A Russian helicopter that crashed last week off the Arctic archipelago of Svalbard was raised early Saturday from the sea floor, but no bodies were found onboard, Norwegian authorities said.
Eight Russian nationals, three of whom were polar scientists plus a five-man crew, were on the Mi-8 helicopter, which crashed on October 26.
A special offshore vessel, the Maersk Forza, equipped with a large crane, was deployed in the salvage effort.
Russian divers and a specialist from the Mi-8 manufacturer were also at the scene, just off Spitzbergen, the main island in Svalbard.
The wreck was raised from a depth of about 209 meters. The salvage team have recovered the fuselage, rotor and tail of the helicopter, the Norwegian Accident Investigation Board said in a statement.
"Police will continue to search for the [seven] missing bodies," William Bertheussen of the Accident Investigation Board told Norwegian public broadcaster NRK.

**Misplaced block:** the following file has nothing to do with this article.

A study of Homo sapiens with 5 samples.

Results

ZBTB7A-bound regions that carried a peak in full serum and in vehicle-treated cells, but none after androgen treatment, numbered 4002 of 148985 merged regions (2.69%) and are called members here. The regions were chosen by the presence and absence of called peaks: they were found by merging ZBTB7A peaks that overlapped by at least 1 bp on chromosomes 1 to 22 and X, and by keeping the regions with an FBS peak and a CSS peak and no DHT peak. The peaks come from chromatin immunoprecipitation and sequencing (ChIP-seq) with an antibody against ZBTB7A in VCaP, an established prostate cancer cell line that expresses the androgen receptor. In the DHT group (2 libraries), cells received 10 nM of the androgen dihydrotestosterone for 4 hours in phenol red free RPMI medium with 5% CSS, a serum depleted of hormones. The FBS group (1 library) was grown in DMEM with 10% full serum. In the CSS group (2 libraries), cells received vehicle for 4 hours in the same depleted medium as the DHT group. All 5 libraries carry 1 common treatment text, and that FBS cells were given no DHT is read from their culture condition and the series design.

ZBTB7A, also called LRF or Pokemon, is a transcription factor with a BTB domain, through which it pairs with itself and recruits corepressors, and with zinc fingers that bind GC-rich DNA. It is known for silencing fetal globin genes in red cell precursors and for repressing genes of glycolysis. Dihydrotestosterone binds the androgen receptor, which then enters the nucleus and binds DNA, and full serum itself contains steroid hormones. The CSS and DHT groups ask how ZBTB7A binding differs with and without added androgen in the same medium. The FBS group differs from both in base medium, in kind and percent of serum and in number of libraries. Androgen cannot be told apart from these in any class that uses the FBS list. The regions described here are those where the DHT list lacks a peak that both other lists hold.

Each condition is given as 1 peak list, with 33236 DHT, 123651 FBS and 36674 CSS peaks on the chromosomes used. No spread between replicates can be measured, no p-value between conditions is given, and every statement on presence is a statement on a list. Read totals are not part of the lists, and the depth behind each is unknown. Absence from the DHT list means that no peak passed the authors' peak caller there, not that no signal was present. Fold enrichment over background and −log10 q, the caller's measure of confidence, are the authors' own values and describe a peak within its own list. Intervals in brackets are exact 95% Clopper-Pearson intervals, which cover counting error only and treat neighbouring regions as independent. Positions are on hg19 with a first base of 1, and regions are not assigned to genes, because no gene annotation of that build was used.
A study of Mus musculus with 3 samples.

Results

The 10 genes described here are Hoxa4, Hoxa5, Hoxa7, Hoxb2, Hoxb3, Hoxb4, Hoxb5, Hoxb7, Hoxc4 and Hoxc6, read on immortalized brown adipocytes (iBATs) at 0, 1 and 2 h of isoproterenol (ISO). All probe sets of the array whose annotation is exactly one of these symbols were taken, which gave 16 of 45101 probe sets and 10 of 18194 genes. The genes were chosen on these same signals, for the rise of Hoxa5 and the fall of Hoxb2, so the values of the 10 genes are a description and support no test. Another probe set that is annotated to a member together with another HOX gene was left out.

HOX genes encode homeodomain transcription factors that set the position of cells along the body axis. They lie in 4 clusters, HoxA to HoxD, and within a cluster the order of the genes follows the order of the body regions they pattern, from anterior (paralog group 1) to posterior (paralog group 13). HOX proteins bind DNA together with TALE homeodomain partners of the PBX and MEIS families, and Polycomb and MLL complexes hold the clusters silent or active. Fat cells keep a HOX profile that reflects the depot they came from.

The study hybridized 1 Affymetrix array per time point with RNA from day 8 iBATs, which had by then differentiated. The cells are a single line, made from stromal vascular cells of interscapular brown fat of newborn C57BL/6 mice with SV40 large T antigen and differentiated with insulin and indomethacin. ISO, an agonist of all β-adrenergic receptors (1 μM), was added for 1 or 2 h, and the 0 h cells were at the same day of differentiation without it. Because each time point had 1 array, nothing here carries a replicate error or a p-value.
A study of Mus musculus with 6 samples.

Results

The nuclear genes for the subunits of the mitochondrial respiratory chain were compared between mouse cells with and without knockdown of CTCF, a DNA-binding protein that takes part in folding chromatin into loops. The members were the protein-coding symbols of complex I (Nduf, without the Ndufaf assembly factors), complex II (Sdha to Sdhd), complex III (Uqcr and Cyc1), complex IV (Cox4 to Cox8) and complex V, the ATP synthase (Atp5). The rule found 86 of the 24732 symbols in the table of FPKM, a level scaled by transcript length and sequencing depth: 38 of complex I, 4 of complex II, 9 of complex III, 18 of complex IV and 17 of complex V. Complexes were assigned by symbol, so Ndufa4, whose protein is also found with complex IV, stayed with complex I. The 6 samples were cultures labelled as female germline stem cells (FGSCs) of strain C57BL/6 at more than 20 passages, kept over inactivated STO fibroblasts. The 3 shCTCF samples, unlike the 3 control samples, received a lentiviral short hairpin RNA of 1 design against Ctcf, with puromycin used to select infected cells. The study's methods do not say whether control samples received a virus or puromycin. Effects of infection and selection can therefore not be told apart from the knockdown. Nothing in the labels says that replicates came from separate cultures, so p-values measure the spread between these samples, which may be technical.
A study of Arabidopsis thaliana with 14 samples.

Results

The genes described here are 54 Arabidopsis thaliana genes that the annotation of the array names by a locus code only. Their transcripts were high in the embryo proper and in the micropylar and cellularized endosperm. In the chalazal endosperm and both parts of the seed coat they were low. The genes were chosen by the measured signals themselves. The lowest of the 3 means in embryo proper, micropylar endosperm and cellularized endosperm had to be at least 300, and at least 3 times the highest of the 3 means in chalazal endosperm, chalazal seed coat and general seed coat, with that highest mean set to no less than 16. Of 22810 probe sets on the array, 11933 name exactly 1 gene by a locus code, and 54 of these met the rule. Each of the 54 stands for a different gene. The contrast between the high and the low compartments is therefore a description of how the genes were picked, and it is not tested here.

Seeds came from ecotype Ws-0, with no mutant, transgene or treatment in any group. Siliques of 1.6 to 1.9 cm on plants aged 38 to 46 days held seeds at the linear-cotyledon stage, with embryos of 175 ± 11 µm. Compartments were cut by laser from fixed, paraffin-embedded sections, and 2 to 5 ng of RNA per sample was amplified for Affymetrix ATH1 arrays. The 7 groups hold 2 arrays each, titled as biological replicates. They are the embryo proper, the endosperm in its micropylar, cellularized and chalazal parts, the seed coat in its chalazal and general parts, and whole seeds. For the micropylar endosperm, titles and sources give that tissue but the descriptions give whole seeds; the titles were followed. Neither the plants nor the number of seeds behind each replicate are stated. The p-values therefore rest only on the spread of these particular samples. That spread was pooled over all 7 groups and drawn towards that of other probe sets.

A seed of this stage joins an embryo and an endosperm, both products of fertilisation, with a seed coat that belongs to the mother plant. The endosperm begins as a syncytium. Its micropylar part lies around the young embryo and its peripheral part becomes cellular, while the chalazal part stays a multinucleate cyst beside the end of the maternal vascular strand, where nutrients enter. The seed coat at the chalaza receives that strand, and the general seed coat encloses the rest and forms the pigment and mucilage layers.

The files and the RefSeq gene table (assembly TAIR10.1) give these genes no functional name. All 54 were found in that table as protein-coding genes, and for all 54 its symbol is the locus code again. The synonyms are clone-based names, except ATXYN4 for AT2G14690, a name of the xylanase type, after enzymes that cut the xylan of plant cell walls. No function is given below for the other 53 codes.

One body was retrieved on Tuesday roughly 130 meters from the helicopter wreck.
The helicopter went down near Barentsburg, around 2 kilometers (1 mile) east of Cape Heer. It came from the Russian hamlet of Pyramiden, a largely abandoned mine that attracts some tourists on excursions to see the empty Soviet-era buildings.
Barentsburg, the Arctic archipelago's second-largest settlement, is a Russian coal-mining town of about 500 people.
Under an international 1920 treaty, Norway has sovereignty over Svalbard, which is 800 kilometers (500 miles) north of its mainland. Other signatory countries have rights to exploit the archipelago's natural resources, including Russia.
Formerly known as Spitzbergen, the archipelago is known for stunning snow-covered mountains, fjords and glaciers.